Wednesday, May 9, 2012

Towel Capes and Tin Foil Bracelets
In the 1970s, we had live action heroes like The Bionic Woman, Wonder Woman, Charlie's Angels, Captain America (Remember Reb Brown?), Captain Marvel, Isis, the Incredible Hulk, The Man from Atlantis... even Electra Woman and Dyna Girl. These heroes taught us lessons about how to do the right things, how to respect people, and how to aim higher.
My fantasy novel has its origins from television shows just like those. Heroes inspired me. I mean, who didn't tie a towel around his or her neck and fly around the living room? Who didn't put aluminum foil bracelets on and pretend to deflect bullets? Who didn't wear superhero Halloween costumes?
Those of us who grew up in the 70s and 80s did. I know you did.
So, now, I'm a 44 year old man who not only collects comic books, but I also STILL believe in heroes. You heard me—I believe people can rise above circumstances to reach out and help people, either literally or figuratively. When I was growing up in the 70s and 80s, we didn't have the Internet, reality television, or cell phones. We had those Saturday morning cartoons, movies, and live action heroes to look up to. I became a teacher to be some kind of a hero to young people, to fight for them, to protect them, to help make them better people.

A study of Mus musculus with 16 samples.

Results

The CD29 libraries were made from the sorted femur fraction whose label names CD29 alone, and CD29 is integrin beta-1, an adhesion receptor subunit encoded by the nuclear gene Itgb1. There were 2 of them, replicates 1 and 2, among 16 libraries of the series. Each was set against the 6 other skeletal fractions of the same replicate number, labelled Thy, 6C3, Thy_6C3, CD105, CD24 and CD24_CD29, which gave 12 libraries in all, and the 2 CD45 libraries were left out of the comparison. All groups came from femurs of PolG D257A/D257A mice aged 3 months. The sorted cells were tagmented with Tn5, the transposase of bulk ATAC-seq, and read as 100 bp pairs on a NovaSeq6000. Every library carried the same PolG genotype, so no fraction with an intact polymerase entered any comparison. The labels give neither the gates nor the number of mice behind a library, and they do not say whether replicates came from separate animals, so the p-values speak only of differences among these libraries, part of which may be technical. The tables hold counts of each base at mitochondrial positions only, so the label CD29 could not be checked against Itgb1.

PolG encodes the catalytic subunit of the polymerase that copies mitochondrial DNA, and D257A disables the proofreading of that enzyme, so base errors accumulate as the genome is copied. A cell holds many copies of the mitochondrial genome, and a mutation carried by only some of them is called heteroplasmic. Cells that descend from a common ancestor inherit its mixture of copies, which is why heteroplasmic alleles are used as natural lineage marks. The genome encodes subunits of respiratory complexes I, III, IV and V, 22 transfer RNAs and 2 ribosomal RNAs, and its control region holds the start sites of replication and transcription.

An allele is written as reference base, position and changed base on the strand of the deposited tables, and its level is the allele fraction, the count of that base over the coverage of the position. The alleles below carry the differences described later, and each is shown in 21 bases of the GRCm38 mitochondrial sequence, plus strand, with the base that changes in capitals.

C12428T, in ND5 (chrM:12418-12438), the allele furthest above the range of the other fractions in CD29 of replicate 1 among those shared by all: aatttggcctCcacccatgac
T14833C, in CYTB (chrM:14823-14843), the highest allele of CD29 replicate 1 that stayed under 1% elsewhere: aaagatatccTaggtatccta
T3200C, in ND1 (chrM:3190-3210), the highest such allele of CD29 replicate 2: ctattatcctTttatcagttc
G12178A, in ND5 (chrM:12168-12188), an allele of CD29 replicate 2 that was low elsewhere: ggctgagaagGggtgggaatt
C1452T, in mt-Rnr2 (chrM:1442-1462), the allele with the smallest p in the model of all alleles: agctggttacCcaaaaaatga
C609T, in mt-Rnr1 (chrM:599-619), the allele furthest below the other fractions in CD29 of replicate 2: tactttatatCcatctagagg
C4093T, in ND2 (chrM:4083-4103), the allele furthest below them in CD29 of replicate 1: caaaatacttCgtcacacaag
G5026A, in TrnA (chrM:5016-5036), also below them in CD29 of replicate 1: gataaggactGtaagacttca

Those childhood heroes were real people dressed in costumes who fought crime and gave children—like me—something to look to as a role model. Today, we have them, too, but not as many as we used to.

I want to change that.

Task Force: Gaea
We have live action movies today for both Marvel and DC properties, and people FLOCK to them: partly because of the special effects and visuals and partly because people are still enrapt with superheroes. The heroes of Task Force: Gaea, brought together and created to protect the world—Mother Earth—have the same motivation as Superman, Wonder Woman, Batman, Buffy, Ironman, etc. 

Aegis, Aetos, Aether, and Zodiak want to make their world a much improved place, and they can be the heroes for another generation. Bringing Task Force: Gaea to Life, my Kickstarter project, can help do just that. By making my characters human, we can create a photographic novel with superpowered beings who want to make a difference.

Don't you want kids to have heroes they can believe in? I know I do. Help Adam Jay (Superhero Photography) and me change the world one hero at a time with a photographic novel about Task Force: Gaea.

Please pledge something to help me revitalize heroes.